A Legacy Of Love... honoring the story of how my husband Sherial came to carve ShadeTree bowls.

You could say Sherial's training and passion for working with wood began on the small tobacco farm in North Carolina where he spent his first decade of life. It's where he learned to 'go with the grain' when chopping sticks of wood for the cook stove; and where he shared the front steps with his father, trying to master the fine art of whittling.

He would've told you that everything in his life enabled him to be do what became a loving endeavor. I believe he was right.

In middle school, woodshop took him beyond whittling. As a teenager in the Navy, his travels to Japan cultivated a deep appreciation for fine craftsmanship. When his father's landscaping business expanded into building, he learned how to frame and trim houses. Even the short time spent as a marine mechanic added important elements, encouraging dexterity and a belief that he could figure out most anything. And of course, decades as owner of a grading and landscaping company furthered his creative side—leading to multiple awards for his landscape designs.

Sherial became more serious about woodworking during his forties. Over time he made a fair amount of furniture and decorative pieces, and finally built his dream workshop to house an ever-growing collection of woodworking tools (most of them, power tools).

In November 2006, at age sixty-seven, Sherial underwent major surgery—the kind that makes you really think about your life. And your future. He realized he needed to reconnect more with his southern roots and leave the frenzy of Tidewater Virginia where he and I had lived for over twenty years. Early in 2007, signs of a building slowdown convinced him to close his business. By late spring, we drove away from Virginia to a new home out in the country, not far from Charleston, SC. There was an inexplicable feeling that it was exactly where we were supposed to be.

There was one thing was missing though: a woodworking shop. But with a recession looming, and not knowing how long it might last, we decided to wait until things improved.

As everyone knows, it turned out to be no run-of-the-mill recession, and a of couple years later—still no workshop. Sherial could have never imagined that NOT having a nice, big, well-appointed workshop was a blessing in disguise.

It was during that time that his youngest son Lyle married a lovely girl, Kate. She wanted me to teach her to make his family's special biscuits—just as my mother-in-law had done. There's no better way into the heart of a southern family than to carry on one of their long-standing traditions, so we decided to give her a wooden 'dough bowl,' like Sherial's brother had given me.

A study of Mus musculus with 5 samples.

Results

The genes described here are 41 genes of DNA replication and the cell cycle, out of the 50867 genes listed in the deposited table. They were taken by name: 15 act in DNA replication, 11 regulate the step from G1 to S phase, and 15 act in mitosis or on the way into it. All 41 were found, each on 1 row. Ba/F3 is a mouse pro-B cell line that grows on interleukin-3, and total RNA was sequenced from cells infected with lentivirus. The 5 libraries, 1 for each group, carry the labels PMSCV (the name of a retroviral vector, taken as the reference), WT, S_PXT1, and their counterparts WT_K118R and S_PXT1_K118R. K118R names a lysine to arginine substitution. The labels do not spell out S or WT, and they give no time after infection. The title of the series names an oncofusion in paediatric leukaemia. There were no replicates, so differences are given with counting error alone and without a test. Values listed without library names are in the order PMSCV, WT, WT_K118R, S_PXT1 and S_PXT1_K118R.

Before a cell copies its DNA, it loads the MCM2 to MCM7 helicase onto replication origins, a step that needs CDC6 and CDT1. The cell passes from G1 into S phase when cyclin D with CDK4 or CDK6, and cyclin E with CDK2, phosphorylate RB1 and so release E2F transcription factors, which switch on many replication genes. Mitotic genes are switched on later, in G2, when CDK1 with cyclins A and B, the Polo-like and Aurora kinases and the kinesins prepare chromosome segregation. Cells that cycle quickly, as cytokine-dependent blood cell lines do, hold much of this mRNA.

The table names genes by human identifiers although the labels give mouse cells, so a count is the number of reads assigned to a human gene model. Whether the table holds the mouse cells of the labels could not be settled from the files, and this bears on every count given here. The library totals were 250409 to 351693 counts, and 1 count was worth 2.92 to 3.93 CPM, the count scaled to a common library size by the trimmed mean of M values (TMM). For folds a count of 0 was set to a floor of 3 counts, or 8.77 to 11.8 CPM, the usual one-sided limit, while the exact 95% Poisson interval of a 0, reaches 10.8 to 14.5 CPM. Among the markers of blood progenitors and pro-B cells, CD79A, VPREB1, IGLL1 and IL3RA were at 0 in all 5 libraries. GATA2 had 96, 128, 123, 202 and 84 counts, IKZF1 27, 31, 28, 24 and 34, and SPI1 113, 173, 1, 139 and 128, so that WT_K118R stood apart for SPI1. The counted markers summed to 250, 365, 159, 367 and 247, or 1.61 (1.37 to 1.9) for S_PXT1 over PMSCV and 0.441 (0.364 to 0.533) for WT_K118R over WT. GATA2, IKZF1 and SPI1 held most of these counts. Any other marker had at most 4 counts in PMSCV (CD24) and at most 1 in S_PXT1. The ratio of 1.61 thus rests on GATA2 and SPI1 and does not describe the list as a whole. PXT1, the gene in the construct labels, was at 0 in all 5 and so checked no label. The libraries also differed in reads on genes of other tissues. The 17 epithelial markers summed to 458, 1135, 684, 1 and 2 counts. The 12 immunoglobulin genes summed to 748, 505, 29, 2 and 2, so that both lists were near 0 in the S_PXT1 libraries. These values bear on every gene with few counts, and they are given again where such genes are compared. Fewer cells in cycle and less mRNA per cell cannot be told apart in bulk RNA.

There are moments in life, snippets of time, when life changes course. This, was one of those. Sherial spoke the words that would usher in what he called the best years of his life: "I could make her one."

It was a little bit crazy. All of his power tools were packed away, he didn't have a shop, and, he'd never made a bowl before.

Thankfully, none of that stopped him. Instead, he started reading how to carve with only old-fashioned style hand tools—the kind without a plug at one end. He watched videos of people using them, did a lot of thinking, and a lot of 'figuring it out.'

Before long, he was under some shade trees in the back yard, chopping away at a piece of poplar, using a chunk of wood as a work surface. He'd experiment, walk away, then go back and try something new. He watched more, read more, thought more, learned more. But something else was happening at the same time. Something similar to falling in love.

Nothing he'd ever done before had made him feel this way. There was a deeper connection created by not using power tools. Everything about it made him feel more alive. Even working outside in the quiet of his little place under the trees seemed like it was meant to be. And everyone who knew him could see that something special was happening.

While still working on Kate's bowl, he started another. This time, for no reason than because he needed to. He needed to see what he could create out of his own intuition and imagination, to see if this 'bowl-carving thing' might just be what people mean by finding 'your true calling'.

That bowl sealed the deal and eventually found it's way to Manhattan; the second bowl he made, the second he sold.

Sherial sold his beloved Camaro to make room for a 'shop' in the old three-sided, dirt-floored shed close to where he'd first started chopping. He still did a lot of his work outside, and a lot of his thinking, too—about his next bowl or that sculpture that wandered around in his mind, or how everything did bring him to this place, this doing, and the sharing of it with others. And sometimes, his mind would wander back to those front steps on the farm and how his father always told him that "things have a way of working out for the best."

Kate's Dough Bowl: Made from Poplar, with a sturdy base that's perfect for making the biscuits so dear to Sherial's family.